Hi - I don't believe a driver could be convicted on the records of using his phone -but could be used to support evidence provided by a witness - like the poor driver or pedestrian (or cop) who has been clobbered by some dimwhit who insists ot phoning whilst driving. In this case I think it would be accepted. I know of an instance where a driver was sitting a traffic lights minding his own business -then wham - he looked in his rear view mirror and yeh the person who slammed into him had the phone jammmed under their chin (no wonder he couldn't see where he was going - DOH!!). When police arrived on the scene the injured party clearly stated to the police the other driver was seen using his phone - but guess what the other driver denied doing so. In this case it was one persons word against the other - so you could see phone records would have supported the evidence in this evidence. Talking on a phone whilst driving is nowhere the same as holding a converstaion with a passenger. Passengers in the car are fully aware of what is going on at the time and would realise if the driver either stopped taliking or ignored them - the person on the other end of the phone wouldn't be aware of what is going on. Would you like to be in a airplane if the pilot was on the phone discussing his love-life during landing -I think NOT - (I hear you say). Recently I was with a driver who insisted in using her phone whilst driving and in all honesty I never heard as much unnecessary drivel be discussed (new make-up and colour of lipstick was the tone of the converstaion). I spoke to the owner of a small local delivery company and asked him did he supply his drivers with phones and hand-free kits and he said "Of course how else could I do business - I asked if his business or delivery times had improved as a result and guess what "No". He went on to explain that prior to mobile phones - his staff had to plan their daily work schedules but when the holy mobile arrived - they could just faff about and tended to chap and change as they went So I don't think the mobile phone hasn't really improved our daily lives as much as we think it has.

How many people do you see driving one handed anyway? some leave their hand on the gear lever, some find it necessary to hold the roof on.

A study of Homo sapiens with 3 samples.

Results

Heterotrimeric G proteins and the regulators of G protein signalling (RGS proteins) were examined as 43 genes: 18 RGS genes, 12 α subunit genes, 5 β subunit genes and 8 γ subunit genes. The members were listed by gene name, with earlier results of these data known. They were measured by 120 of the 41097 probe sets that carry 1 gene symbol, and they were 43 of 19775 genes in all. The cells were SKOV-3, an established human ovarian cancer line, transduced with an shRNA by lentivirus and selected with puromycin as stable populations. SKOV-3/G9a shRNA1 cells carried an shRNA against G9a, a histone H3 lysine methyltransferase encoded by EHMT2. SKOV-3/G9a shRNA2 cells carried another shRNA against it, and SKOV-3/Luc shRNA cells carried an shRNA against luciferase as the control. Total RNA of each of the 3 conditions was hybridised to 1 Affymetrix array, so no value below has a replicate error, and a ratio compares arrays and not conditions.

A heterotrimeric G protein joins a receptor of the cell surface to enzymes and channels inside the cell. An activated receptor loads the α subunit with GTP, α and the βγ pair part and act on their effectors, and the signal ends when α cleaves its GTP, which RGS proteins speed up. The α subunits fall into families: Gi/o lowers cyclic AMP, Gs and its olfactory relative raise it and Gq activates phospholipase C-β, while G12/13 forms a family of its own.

It is not the holding of a phone that is dangerous it is the concentration on talking on the phone instead of concentrating on driving the car.

The government have will not admit it is dangerous to drive whilst using hands free as the police cannot stop every car that apparently has someone talking to themselves in it.

As for talking to passengers that is completely different, like madnoel, I stop listening or talking to passengers when I need to concentrate more.

The new law is only half way to lessening life threatening crashes
It is not the holding of a phone that is dangerous..... .
Is it not davesss! What if you need to take evasive action but only have one hand on the wheel?

Not getting at you just stating a fact! I mean I never drive whilst using my phone, if it rings they can wait, but I have been guilty of driving one handed most of the time and I can only assume that this is dangerous as I do not have 'full' control of the vehicle

Too add....just the other day, I was driving past a lorry on a two lane road coming up to traffic signals and the driver of the lorry, who was on the phone, swerved to my side of the road making me swerve onto the otherside of the road. Luckily there was nothing coming the otherway otherwise I imagine I wouldn't be typing this now!

I agree with the new laws re use of a mobile whilst driving. It's about high time they severely punished this crime.


I've already given examples of how my awareness of my surroundings has been compromised by driving and holding an 'involved' phone conversation at the same time. I'm a great believer that having certain kinds of conversation is indeed a significant distraction. I'd say it's also a given that it makes me less aware of potential hazards on the road - if I'm not spotting speed cameras, then I'm probably missing that car that might be about to jump out of a side turning.

What I don't think it affects is my ability to respond to an emergency situation should it present itself. I have had to react to driving emergencies while on the phone before now, and my instant reflex reaction is to give my full attention to the situation on the road.

So if there's a problem, it's with my ability to assess potential hazards and adapt my driving before they turn into emergencies. But as I see it, if a car pulls out of a side turning in front of me or a pedestrian just steps out into the road without looking, the accident is still their fault. I don't want to be held responsible just because I happened to be in the middle of a telephone conversation, even if it could be argued that the accident wouldn't have occurred if I hadn't been on the phone.